Four decades ago, we began to create a new problem: mass incarceration. In 1974, Illinois had 6,000 people in prison. Now, Illinois has more than 40,000 people in prison. In the same period, other states and the federal government also grew their prisons at similar rates, so that our country now has more people imprisoned, compared to other countries, by each and every measure.
Our state filled its prisons beyond capacity (32,000), but we continued to add to our prison population. Crime rates began to decline in the early 1990s, but we continued to add to our prison population. Four governors tried to address excessive imprisonment, but we continued to add to our prison population.
Why? Some leaders urged us to be “tough on crime.” Prosecutors, courts and legislators responded with more prosecutions and longer sentences.
This approach, regardless of intention, is mistaken. Conservatives and liberals now agree on this. Right on Crime, a voice for “conservative criminal justice reform,” acknowledges that prisons are overused when nonviolent offenders are given lengthy sentences “and emerge more disposed to re-offend than when they entered prison.” Liberals agree: mass incarceration is a terrible mistake, damaging individuals, damaging families, damaging communities, wasting public funds. The Illinois Department of Corrections spends $1.4 billion each year, 4% of the state budget, perhaps $35,000 per inmate.
Is there a better way forward? Yes: prevention, diversion and change.
Prevention requires a network of interventions in a community, focusing particularly on young people found by the school system and youth authorities to be headed toward trouble. In Peoria, this is their “Don’t Start” program. These interventions, together with “Don’t Shoot,” which is a deterrence program focused on adults with a history of gun violence, should save lives, families and neighborhoods. And they should prevent crime, while saving the costs of incarceration.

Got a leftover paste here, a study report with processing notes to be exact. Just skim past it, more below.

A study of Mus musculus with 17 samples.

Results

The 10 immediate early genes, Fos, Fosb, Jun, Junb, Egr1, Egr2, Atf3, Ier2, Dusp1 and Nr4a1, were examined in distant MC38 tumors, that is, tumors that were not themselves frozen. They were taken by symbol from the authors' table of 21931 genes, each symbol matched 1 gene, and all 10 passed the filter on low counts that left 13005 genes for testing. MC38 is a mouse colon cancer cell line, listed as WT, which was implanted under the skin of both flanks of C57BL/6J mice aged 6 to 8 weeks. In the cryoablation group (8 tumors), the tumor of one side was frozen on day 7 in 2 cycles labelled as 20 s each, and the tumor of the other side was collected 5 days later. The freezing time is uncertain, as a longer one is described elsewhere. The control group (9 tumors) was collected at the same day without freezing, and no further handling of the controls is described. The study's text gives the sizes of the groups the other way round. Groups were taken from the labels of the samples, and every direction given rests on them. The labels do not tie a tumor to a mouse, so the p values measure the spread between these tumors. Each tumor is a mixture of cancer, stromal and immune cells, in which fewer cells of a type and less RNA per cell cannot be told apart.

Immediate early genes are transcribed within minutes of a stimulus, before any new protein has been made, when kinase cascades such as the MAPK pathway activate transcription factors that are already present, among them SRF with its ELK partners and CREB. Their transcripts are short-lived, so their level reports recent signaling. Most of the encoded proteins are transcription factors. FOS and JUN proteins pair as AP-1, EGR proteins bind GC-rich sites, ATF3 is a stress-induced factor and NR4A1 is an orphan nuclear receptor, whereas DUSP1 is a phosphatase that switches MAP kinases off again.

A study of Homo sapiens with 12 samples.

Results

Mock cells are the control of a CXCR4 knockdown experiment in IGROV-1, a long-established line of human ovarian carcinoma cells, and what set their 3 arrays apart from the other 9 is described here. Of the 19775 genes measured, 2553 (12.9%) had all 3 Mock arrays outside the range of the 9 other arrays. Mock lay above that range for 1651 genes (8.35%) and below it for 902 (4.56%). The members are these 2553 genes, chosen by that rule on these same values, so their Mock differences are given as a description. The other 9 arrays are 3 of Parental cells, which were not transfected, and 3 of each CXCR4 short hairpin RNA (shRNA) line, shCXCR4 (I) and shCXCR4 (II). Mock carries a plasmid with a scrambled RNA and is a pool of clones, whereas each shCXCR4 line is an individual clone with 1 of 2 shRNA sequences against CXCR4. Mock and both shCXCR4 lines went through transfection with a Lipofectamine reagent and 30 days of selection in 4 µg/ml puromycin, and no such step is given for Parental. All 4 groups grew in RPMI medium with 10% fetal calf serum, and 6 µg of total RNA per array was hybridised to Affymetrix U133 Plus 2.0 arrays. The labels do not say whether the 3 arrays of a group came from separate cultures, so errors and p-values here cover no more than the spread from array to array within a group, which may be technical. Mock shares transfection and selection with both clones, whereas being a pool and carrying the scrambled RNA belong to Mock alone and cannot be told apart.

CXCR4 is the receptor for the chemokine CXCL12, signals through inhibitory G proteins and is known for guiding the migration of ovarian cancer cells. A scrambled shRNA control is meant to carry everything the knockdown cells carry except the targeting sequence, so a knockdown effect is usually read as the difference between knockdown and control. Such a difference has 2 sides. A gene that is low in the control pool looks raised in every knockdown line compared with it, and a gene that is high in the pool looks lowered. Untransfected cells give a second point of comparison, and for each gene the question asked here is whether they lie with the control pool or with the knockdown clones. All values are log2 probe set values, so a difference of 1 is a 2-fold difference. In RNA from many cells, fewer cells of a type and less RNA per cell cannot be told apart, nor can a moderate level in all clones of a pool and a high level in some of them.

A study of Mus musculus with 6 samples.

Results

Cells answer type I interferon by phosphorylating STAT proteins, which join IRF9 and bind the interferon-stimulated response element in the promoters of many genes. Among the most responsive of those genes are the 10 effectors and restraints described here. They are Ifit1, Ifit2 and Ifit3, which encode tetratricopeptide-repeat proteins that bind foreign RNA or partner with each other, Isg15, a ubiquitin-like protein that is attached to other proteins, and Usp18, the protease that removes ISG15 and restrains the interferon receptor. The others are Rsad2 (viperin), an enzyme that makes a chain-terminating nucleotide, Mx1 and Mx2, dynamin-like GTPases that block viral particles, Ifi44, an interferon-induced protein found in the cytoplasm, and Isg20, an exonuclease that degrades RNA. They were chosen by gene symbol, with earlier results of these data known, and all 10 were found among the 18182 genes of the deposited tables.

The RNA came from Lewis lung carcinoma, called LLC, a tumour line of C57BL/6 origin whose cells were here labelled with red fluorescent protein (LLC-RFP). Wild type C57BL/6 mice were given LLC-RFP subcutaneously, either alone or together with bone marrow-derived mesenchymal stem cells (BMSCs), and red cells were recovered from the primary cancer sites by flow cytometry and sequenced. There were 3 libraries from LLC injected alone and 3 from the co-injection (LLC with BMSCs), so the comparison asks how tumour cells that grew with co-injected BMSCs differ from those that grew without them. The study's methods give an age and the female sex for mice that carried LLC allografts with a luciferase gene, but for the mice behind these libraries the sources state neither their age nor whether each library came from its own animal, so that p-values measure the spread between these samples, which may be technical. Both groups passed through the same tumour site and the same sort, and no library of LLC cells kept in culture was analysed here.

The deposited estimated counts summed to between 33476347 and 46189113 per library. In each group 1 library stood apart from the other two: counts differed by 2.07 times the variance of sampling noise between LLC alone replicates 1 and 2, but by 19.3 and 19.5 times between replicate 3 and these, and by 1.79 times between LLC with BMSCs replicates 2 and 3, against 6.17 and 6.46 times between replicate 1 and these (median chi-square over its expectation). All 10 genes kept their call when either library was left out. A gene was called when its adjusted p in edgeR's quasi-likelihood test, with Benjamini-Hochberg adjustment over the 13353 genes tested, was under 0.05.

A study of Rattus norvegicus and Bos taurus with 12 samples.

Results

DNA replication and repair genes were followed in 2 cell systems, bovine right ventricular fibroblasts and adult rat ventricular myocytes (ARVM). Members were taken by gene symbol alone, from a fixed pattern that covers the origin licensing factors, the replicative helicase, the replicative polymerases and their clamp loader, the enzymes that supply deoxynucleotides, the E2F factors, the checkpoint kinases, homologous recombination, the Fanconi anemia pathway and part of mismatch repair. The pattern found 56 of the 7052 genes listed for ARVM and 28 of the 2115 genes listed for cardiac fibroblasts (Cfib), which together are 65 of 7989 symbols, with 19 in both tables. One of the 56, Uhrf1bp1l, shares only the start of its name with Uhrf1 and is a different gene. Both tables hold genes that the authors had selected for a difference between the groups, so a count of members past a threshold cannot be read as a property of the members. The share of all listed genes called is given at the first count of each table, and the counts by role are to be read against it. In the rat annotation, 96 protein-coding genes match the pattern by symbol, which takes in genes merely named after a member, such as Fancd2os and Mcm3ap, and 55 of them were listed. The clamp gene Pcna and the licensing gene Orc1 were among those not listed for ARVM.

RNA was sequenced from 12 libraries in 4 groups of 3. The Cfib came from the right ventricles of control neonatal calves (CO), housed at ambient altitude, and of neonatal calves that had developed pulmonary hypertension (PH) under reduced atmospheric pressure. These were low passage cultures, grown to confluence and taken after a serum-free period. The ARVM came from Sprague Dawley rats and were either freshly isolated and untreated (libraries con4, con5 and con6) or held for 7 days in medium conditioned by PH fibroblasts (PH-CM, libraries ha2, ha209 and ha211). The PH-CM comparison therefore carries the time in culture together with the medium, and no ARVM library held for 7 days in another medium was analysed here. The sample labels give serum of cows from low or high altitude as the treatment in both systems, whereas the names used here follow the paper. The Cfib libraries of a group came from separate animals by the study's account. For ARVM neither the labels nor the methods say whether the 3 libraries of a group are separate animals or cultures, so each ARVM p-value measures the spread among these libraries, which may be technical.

Diversion? Sangamon County has diversion courts for people with limited criminal activity that is traceable to addiction or mental health issues or the impact of military service. If a person completes a program of careful court supervision, there is no incarceration. In Peoria, the federal court has a 20-year-old diversion program for crimes of addiction, and this saves people, saves families and saves several million dollars in costs of incarceration.
Change? In Illinois, Gov. Bruce Rauner’s Commission on Criminal Justice called in 2015 for a 25% reduction in the prison population over 10 years, and put forth 27 steps to reduce this population. The prison population declined from 47,000 in mid-2015 to 43,000 in mid-2017, the latest year reported. Illinois is making positive changes, and the new governor is expected to make further positive changes.
I believe in accountability – for all of us. While I was United States attorney, I reviewed and approved several hundred prosecutions each year, knowing these almost always ended with some imprisonment. I held others accountable.
I also held myself accountable. We are accountable for too many prosecutions, too-long sentences and too much imprisonment. We need to regain our balance. We need a network of effective interventions, to prevent and deter people from heading toward trouble. We need to press for diversion and alternatives to prison, whenever appropriate. And we need to support the changes that are happening. This is the best way forward, seeking public safety that is smart and fair.
Jim Lewis was a civil rights worker, civil rights lawyer and law school professor. He worked for the United States Department of Justice for 39 years, ending as United States attorney here in Springfield from 2010 to 2016.